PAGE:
4 Ways Architects and Designers Are Fighting Against COVID-19

Coronavirus (COVID-19) has propelled the design and architecture community to new boundaries in which they are using their knowledge and resources to help medical staff and hospitals better treat patients. Whether it's 3D printed protection visors to the rapid transformation of spaces to treat coronavirus patients, they are demonstrating that design and architecture can have an active role and a direct impact in the world when it's in crisis.


Architecture and design firms have transformed their work spaces into protection visor production spaces, a now key element for medical staff in risk of catching the virus. In the United States, architecture firms such and BIG, KPF and Handel Architects have pulled together working on an open-source project for the production of said visors. In Spain, Nagami Design, has transformed its space for furniture production into a visor production space.

In London, Foster + Partners designed a visor that is laser cut and can be easily disinfected, while in universities such as the Massachusetts Institute of Technology (MIT), Cambridge University, Queensland University and Rhode Island School of Design have also focused their resources in the production of protection visors.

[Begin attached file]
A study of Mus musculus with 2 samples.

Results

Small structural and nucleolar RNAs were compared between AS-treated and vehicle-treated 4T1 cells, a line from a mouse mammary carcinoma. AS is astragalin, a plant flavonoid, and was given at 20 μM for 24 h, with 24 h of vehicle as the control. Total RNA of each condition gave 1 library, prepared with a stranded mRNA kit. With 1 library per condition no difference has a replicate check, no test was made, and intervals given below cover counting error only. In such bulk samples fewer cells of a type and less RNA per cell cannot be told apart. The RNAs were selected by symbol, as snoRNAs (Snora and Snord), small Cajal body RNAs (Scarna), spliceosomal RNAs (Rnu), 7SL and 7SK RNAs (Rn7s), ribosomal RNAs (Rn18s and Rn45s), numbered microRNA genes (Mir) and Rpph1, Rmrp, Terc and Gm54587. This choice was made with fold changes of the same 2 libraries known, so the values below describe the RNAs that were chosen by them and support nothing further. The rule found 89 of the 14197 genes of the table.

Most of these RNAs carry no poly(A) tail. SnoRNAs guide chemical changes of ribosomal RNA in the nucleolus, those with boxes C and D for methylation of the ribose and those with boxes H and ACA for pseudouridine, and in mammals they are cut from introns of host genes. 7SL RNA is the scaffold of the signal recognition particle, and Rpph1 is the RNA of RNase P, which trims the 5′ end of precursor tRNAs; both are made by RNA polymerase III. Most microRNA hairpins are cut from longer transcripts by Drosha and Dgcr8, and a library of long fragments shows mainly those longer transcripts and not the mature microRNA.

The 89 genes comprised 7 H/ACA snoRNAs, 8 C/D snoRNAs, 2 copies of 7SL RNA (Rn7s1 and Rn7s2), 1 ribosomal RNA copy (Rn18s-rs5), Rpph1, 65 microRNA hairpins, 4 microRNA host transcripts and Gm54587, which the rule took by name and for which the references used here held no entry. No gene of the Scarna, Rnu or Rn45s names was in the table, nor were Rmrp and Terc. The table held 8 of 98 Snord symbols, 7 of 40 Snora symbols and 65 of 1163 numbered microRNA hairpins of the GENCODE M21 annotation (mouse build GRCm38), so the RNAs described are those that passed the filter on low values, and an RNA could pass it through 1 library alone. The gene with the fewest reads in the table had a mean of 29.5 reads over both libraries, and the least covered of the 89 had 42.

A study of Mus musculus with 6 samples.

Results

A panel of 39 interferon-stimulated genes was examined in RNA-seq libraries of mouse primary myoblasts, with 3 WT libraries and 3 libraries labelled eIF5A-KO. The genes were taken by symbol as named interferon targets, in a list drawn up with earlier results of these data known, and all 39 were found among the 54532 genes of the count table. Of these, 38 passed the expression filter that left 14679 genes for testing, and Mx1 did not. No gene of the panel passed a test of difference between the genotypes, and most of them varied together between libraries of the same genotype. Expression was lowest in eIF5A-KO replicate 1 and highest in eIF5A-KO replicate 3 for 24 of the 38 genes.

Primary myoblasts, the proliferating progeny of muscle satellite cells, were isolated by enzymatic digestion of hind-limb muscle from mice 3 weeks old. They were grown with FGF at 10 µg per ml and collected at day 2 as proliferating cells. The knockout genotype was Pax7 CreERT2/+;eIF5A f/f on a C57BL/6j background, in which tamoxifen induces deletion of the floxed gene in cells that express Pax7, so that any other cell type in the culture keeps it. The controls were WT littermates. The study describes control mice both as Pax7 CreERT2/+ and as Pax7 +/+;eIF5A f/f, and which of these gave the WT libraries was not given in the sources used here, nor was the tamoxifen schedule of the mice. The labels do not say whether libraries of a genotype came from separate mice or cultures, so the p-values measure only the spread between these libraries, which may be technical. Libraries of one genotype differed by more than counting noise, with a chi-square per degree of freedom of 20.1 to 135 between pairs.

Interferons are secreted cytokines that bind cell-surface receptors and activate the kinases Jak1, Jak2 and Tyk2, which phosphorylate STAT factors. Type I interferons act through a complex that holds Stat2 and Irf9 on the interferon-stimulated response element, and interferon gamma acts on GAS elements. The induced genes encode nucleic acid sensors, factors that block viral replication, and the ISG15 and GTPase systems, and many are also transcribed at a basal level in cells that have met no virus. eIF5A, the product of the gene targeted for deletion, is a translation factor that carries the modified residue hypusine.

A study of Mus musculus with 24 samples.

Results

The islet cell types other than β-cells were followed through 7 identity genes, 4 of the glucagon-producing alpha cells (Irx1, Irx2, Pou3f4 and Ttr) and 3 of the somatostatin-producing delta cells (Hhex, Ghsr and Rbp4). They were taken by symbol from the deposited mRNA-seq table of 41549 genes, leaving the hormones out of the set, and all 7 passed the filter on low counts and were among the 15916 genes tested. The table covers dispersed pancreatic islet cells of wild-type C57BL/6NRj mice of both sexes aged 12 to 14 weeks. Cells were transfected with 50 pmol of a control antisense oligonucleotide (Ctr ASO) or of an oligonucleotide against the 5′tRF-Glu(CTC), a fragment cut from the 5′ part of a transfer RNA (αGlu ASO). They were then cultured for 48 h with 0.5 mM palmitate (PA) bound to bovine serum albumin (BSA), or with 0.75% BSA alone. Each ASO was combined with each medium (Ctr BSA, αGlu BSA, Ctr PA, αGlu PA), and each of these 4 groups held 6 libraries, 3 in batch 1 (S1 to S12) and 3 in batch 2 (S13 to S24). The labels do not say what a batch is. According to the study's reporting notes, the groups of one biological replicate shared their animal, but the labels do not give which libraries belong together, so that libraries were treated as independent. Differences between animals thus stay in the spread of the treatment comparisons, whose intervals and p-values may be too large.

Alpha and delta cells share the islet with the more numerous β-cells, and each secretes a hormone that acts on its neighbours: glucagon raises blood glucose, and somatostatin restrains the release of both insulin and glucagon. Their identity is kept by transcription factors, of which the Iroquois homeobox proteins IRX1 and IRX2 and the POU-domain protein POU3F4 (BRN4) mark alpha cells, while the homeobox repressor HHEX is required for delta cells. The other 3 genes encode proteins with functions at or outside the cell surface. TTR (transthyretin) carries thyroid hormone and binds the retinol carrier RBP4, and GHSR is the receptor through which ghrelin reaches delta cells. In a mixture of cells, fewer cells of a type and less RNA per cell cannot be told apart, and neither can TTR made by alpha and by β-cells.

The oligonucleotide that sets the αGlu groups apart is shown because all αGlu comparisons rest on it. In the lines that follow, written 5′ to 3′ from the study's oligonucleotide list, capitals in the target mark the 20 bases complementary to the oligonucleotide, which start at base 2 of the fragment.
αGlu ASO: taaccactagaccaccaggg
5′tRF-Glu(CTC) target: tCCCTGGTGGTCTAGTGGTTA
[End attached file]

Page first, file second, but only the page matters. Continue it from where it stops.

The need for spaces to treat patients has enormously increased, reason why architects have focused their work into designing spaces that can be easily assembled. Following in Chinas steps, they managed to build temporal hospitals to treat patients during the outbreak, the United States has Jupe, a brand that is building pods where patients can be treated, hence, increasing the number of beds available in hospitals. They can be added to an existing hospital or they can be set up individually as treatment clinics. In Italy, Carlo Ratti and Italo Rota designed Intensive Care Unit pods in a shipping container, the first prototype is being built in a Milan hospital.


The number of sick people has increased at a rate that has never been seen before and this has caused for architects to look into ways in which they can transform existing spaces in temporal hospitals. In Theran, architects are already converting the Iran Mall, largest shopping center in the world, into separate Intensive Care Units; in New York, the St. John the Divine cathedral has been converted into a temporal hospital.

In London, there are plans to transform the ExCel Centre in a space with 4,000 beds that will be called NHS Nightingale. It has two halls that part form a main corridor where integral disinfection spaces for medical staff have place, it will have diagnostic rooms and a morgue.


Luxury brands such as Prada, Louis Vuitton, Yves Saint Laurent and Balenciaga have started cotton masks production to answer to the high demand for this article that is not only being used by medical staff, but also by civilians who require protection to not further spread the disease or to avoid contagion.